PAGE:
This will be part of a series of places visited by Bert Morelos, MetroVan Independent News Photographer, as he travelled the world. Some of the facts written comes from Wikipedia. Otherwise, the places referred to were points of destination in Morelos’ world travels. (Photos by Bert Morelos)
Istanbul historically also known as Constantinople and Byzantium is the most populous city in Turkey and the country’s economic, cultural and historic center. It straddles across Europe and Asia across Bosporus Strait. The old city reflects cultural influences of the many empires that once ruled here.
Hagia Sophia, Istanbul, Turkey
Hagia Sophia is a former Christian Patriarchal Basilica (church), later an Imperial Mosque and now a museum. From the date of its construction in 537 until 1453, it served as an orthodox cathedral and the seat of the Patriarch of Constantinople except between 1204 and 1261, when it was converted to a Roman Catholic Cathedral under the Latin Empire. The building was a mosque from 1453 until 1931. It was then secularized and opened as museum on Feb 1935.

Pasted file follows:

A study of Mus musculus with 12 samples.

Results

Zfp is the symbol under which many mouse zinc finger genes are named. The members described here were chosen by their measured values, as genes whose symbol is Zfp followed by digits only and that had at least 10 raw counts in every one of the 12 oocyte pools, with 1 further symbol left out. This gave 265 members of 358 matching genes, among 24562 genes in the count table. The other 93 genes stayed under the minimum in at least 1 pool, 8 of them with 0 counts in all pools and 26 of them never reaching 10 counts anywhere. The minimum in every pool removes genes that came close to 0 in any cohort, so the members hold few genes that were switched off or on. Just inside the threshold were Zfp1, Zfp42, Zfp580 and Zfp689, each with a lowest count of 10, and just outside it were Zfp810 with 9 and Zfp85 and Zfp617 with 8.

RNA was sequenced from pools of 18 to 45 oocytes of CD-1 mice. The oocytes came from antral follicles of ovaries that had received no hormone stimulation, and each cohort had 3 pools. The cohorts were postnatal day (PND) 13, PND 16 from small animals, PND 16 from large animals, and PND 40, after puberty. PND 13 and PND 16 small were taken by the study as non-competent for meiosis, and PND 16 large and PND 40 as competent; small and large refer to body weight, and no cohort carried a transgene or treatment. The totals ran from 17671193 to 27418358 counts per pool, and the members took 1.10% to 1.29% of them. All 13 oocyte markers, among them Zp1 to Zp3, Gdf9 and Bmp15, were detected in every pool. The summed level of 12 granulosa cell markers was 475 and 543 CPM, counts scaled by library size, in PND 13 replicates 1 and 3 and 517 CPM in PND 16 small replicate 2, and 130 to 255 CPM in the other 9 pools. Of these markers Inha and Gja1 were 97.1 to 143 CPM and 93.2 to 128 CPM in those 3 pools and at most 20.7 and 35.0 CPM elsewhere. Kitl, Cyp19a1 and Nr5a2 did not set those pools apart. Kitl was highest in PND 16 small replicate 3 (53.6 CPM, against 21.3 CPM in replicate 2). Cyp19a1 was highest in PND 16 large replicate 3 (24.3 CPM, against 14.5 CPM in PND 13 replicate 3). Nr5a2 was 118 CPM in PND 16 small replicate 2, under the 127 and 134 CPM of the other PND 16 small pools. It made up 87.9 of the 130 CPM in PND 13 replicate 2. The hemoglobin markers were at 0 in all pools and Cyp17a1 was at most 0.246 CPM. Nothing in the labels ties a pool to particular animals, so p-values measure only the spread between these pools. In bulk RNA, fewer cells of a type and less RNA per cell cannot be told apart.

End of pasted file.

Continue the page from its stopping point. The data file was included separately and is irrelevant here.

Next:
The Topkapi Palace or the Seraglio, Istanbul, Turkey
The Topkapi Palace or the Seraglio is a large palace in Istanbul, Turkey that was one of the major residences of the Ottoman Sultans for almost 400 years of their 624 year reign.
Grand Bazaar, Istanbul, Turkey
The Grand Bazaar in Istanbul is one of the largest and oldest covered markets in the world with 61 covered streets and over 3,000 shops which attract between 250,000 and 400,000 visitors daily.
Sultan Ahmet Mosque or The Blue Mosque, Istanbul, Turkey
Sultan Ahmet Mosque or popularly known as The Blue Mosque for the blue tiles adorning the walls of its interior was built from 1609 to 16016 during the rule of Ahmed.